Desmond Dekker & The Aces – 007 (Shanty Town) (1967, Pyramid)
Why It’s Perfect: Ask most people what reggae sounds like and you can bet dollars to donuts (or cash to cannabis, if you prefer) they’ll think of Bob Marley. I’m not excluding myself here; I might drop a little knowledge during this post, but don’t be fooled, I don’t really know dick about this genre. What I do know is that all genres go through stages of differentiation from the genres that spawned them. Rock, for example, started out as a combination of R&B and country, and if you listen to Berry or Holly or early Elvis, you can see where the parts haven’t quite fused together yet. Within a few years, the blues and country had been melted so thoroughly that only their synthesis, the streamlined, adjective-less rock, remained. By the time Marley became a superstar, reggae had hit that point, and moreover, his music was so influential and beloved that his particular style had become synonymous with the genre itself.
What I like about early ska and reggae is that it doesn’t yet inhabit its own universe; as much as it is Jamaica’s music, period, it’s also still recognizable as a mutant version of American pop soul. Let’s (finally!) look at Desmond Dekker & the Aces’ terrific 1967 single 007 (Shanty Town). The thing you notice immediately is that patient, bouncing ska rhythm. Ska pioneer Ernest Ranglin once said that the main difference between American R&B and ska was that R&B beats sound like “chink-ka” and ska rhythms sound like “ka-chink.” Onomatopoeia is always tricky because the way you may verbalize a sound might not be the same way I do, but if you listen closely enough to the way the beat drops and the guitar skanks, there is a certain backward quality to it, like someone playing R&B in reverse. The guitar is fractured in ways that must have seemed strange and foreign for the era (for Anglo-American audiences at least), but the clean, effervescent tone and ingratiating melodies are butter-smooth. The whole thing, and particularly the harmonies provided by backing quartet the Aces, has the wistful, high school romance catchiness of Frankie Lymon & the Teenagers or the Everly Brothers. And yet, if you can decipher the lyrics, 007 isn’t about whispering sweet nothings or chaste yearning. It’s thuggin’ like Jay-Z.
The 26 year-old Dekker’s vocals sound dreamy-eyed, but make no mistake, the man is singing about rude boys (white man trans: young street toughs) running the shanty town. There’s even an early example of that classic hip-hop trope of comparing street crime to the glamour of the movies; the life of the average Jamaican juvenile delinquent hadn’t much in common with James Bond or Frank Sinatra’s Ocean’s 11, but it spoke to the generation’s high rolling aspirations. “Dem a loot, dem a shoot, dem a wail” was a gangsta’s version of “rinse, lather, repeat.” There’s no audible malice in it though. Just listen to the way Dekker sings “007”; I’ve been conditioned by two dozen Broccoli Bond films to read that as “double-oh seven,” but he sings it “oh, OH, seeeevvvvven” like the sound alone is enough to make him thoroughly, perfectly content.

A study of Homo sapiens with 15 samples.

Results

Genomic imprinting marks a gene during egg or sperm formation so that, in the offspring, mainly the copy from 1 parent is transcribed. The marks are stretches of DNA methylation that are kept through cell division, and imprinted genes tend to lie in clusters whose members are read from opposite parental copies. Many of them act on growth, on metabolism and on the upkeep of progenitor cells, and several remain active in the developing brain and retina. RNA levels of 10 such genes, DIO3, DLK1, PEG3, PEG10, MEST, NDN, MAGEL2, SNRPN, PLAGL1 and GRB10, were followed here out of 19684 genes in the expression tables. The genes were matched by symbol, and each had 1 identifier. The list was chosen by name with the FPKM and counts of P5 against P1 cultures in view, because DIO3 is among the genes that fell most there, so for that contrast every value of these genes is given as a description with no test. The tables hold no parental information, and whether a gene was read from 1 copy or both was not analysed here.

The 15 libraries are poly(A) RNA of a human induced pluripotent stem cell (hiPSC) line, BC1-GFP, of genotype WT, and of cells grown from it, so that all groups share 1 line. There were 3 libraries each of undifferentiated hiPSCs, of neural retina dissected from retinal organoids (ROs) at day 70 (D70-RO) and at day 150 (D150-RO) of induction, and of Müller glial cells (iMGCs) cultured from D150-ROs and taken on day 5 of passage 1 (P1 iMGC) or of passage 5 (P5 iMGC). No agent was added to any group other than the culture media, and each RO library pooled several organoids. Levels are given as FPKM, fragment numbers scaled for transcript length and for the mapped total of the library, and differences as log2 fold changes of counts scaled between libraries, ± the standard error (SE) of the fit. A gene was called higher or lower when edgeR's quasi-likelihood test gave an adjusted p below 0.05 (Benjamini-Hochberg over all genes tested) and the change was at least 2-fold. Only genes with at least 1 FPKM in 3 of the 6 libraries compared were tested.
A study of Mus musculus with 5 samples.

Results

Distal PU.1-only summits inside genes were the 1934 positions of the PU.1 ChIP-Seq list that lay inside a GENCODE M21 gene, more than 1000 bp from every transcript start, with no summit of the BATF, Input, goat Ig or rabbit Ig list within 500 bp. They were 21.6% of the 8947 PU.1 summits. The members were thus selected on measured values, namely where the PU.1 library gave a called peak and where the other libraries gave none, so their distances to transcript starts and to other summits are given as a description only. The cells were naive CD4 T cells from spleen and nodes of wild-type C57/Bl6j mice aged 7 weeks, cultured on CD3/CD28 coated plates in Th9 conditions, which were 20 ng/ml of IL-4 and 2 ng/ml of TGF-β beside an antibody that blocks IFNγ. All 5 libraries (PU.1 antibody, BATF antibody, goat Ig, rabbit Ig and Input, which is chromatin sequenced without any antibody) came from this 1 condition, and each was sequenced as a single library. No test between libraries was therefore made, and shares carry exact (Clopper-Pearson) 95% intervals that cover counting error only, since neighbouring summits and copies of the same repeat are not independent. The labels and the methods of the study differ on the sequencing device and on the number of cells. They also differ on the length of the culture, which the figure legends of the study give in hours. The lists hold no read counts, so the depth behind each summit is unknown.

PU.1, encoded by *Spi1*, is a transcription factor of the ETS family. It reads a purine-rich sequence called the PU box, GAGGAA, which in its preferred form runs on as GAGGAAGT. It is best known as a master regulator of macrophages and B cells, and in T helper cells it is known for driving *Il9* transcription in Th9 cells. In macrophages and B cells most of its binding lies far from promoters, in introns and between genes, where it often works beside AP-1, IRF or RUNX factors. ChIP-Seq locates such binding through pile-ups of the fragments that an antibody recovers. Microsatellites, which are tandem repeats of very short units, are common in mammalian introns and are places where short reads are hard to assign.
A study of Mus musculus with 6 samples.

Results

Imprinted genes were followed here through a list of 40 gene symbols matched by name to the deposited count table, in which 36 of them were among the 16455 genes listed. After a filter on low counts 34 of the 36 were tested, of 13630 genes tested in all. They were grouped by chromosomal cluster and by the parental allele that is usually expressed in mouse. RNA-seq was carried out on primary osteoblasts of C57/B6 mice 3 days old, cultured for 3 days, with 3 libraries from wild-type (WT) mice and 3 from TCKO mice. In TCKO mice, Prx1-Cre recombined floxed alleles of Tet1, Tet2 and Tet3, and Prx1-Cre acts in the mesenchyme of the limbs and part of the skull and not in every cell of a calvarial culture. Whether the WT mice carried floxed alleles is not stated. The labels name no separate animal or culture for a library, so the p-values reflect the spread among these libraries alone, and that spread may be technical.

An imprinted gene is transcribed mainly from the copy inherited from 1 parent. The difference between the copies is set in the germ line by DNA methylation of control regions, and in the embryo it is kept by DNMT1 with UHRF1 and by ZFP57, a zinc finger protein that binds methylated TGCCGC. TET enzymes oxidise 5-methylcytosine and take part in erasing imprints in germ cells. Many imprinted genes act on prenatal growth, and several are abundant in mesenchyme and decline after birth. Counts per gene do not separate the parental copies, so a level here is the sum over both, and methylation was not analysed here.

007 (Shanty Town) was a breakthrough single for Dekker and for reggae in general, managing to hit the UK top 15 singles chart. It was produced by the legendary Leslie Kong, a Chinese-Jamaican (my God what an accent he must’ve had!) who ran an ice cream parlour that doubled as a record store and studio. It was Kong’s touch that helped records by Dekker and contemporary Jimmy Cliff to make it beyond the island’s shores, where it would be a fundamental influence on British punk and post-punk (The Clash’s Rudie Can’t Fail seems to have been inspired by a line from this song), and indeed, it’s hard to find any fault with this track’s pristine mix despite what would be considered by today’s recording standards to be primitive conditions. There’s nothing like pouring rum over ice, lying back in the sun and jamming this track on repeat for at least twenty minutes or so. “Rudeboys cannot fail.”
Defining Moment: About a minute in there’s a short instrumental break, and it feels like the moment for a guitar solo of some kind. And sure enough, the lead guitar track makes its presence known with a few short stabs, but it’s almost like it’s just too cool to show off. It just grooves. The song finds its own, smoother way to elevate the energy though, adding in a touch of brass to accentuate the downbeats.
Other Great Songs by Desmond Dekker: Dekker is probably best known for the US Billboard Top 10/UK Number 1 single Israelites, a perfect pop single in its own right. Between 007 and Israelites, Dekker did more to popularize the reggae sound internationally than any artist save Marley (and perhaps Jimmy Cliff). These songs, strong as they are, certainly don’t tell the whole story though. It Miek, Rudie Got Soul, Problems, Pretty Africa and Fu Man Chu are (to my admittedly untrained ear) essential reggae. If you’re looking for a place to expand your reggae/ska collection beyond Peter Tosh and Burning Spear, Dekker should be high on your list.